A group trying to repeal a law on employer-paid coverage for uninsured workers failed to properly disclose money given by big businesses.

March 16, 2004|Carl Ingram | Times Staff Writer

SACRAMENTO — The sponsor of a referendum to repeal a controversial employer-financed health insurance law was fined $25,000 Monday for failing to properly disclose more than $1 million in contributions from big-name California businesses.

In levying the administrative punishment, the watchdog Fair Political Practices Commission approved a stipulated agreement between its staff and Californians Against Government Run Healthcare, the campaign organization that qualified the issue for the Nov. 2 election.

In the settlement, the campaign committee conceded that it had failed to electronically disclose within 10 days the receipt of contributions of $100,000 each from such major retailers as Nordstrom, Robinsons-May, Target and Sears Roebuck.

It also failed to promptly report donations of $500,000 from the California Restaurant Assn. and its political action committee; $100,000 from Yum! Brands, parent of KFC and Taco Bell; $100,000 from Darden Restaurants; and $5,000 from RUI One, which operates Restaurants Unlimited.

If approved by the voters, the November referendum would block a law, which goes into effect in 2006, requiring employers to pay for the health insurance coverage of uninsured workers. In California, all but a relatively small group of workers are covered by employer-paid insurance. If an employer did not provide healthcare coverage, it would be required to pay a fee into a statewide pool that would purchase coverage on behalf of the workers. Employers of 200 or more would be required to provide coverage for both employees and dependents.

Those with 50 to 199 workers would buy insurance for employees only, while those with 20 to 24 employees would be exempt until a future Legislature found spare cash to subsidize the premiums. Employers would be required to pay at least 80% of the premiums.

The new law was created by legislation (SB 2) by Senate leader John L. Burton of San Francisco and Sen. Jackie Speier of Hillsborough, both Democrats. Backers praised it as a prototype for the nation, while opponents argued that its costs would require them to reduce or eliminate healthcare for other employees.

Led by the restaurant association and the California Chamber of Commerce, opponents of the law say they cannot afford the cost of premiums, estimated at between $7 billion and $11 billion a year. Proponents say those estimates are overblown and the actual costs would be closer to $2 billion.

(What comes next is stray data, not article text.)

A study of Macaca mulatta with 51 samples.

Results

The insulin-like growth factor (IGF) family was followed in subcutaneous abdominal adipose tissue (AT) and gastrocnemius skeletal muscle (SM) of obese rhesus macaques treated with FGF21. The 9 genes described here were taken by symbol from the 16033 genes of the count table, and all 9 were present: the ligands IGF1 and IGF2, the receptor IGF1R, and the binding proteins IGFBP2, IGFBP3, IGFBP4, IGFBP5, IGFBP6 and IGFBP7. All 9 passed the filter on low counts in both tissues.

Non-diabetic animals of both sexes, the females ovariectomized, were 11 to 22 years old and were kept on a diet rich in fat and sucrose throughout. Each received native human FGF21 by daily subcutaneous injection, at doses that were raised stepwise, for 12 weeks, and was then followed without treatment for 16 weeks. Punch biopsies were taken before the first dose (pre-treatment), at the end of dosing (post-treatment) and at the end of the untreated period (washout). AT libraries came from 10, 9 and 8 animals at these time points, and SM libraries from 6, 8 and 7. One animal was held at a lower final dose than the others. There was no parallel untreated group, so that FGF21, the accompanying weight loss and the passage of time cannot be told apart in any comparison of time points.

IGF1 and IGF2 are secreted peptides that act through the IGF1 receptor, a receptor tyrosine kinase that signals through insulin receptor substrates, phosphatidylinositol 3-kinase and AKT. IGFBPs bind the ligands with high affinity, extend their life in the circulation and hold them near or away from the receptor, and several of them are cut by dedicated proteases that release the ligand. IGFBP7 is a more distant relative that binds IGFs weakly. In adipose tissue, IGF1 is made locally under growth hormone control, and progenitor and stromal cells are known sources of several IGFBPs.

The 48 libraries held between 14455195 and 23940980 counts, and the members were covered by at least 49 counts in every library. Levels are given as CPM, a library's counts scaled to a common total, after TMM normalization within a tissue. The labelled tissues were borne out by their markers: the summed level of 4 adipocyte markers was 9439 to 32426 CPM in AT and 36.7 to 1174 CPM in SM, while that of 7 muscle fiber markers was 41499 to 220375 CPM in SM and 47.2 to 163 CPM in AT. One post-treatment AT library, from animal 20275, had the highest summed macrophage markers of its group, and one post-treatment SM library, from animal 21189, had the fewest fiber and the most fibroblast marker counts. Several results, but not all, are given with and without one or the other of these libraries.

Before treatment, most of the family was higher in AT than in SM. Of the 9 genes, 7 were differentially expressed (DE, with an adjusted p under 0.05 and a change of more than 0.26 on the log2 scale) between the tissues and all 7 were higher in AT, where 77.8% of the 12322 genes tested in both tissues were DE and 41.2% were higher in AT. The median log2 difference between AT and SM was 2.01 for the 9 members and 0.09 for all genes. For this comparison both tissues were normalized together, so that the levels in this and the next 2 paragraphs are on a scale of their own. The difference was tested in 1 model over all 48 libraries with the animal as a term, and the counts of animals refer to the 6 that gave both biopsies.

One backer of the new law, Anthony Wright, executive director of Health Access California, a labor and consumer organization, charged Monday that the failure to report the funds on time was a deliberate attempt to hide the big-name donors from Californians.

"These large corporations don't seem enthusiastic to let the public know about their supporting this repeal of this important law," he said.

Steve Churchwell, treasurer of Californians Against Government Run Healthcare and a former chief attorney for the FPPC, said he believed he was following the commission's rules for proper filing when he disclosed the receipt of the contributions in January, two months after the campaign committee was formed.

The commission said contributions should have been reported on Nov. 3 and Nov. 10. In failing to meet the deadlines, it said, the referendum sponsors had denied information that voters were entitled to have.

The maximum fine against Californians Against Government Run Healthcare could have totaled $50,000, but the FPPC cut the sum to $25,000, because it said the organization "mitigated" some of the harm by making the disclosures in January. "Thus, the contributions were disclosed to the public ... 10 months before the Nov. 2, 2004, election," the commission said. It also noted that 18 other contributions totaling about $1.1 million were properly disclosed.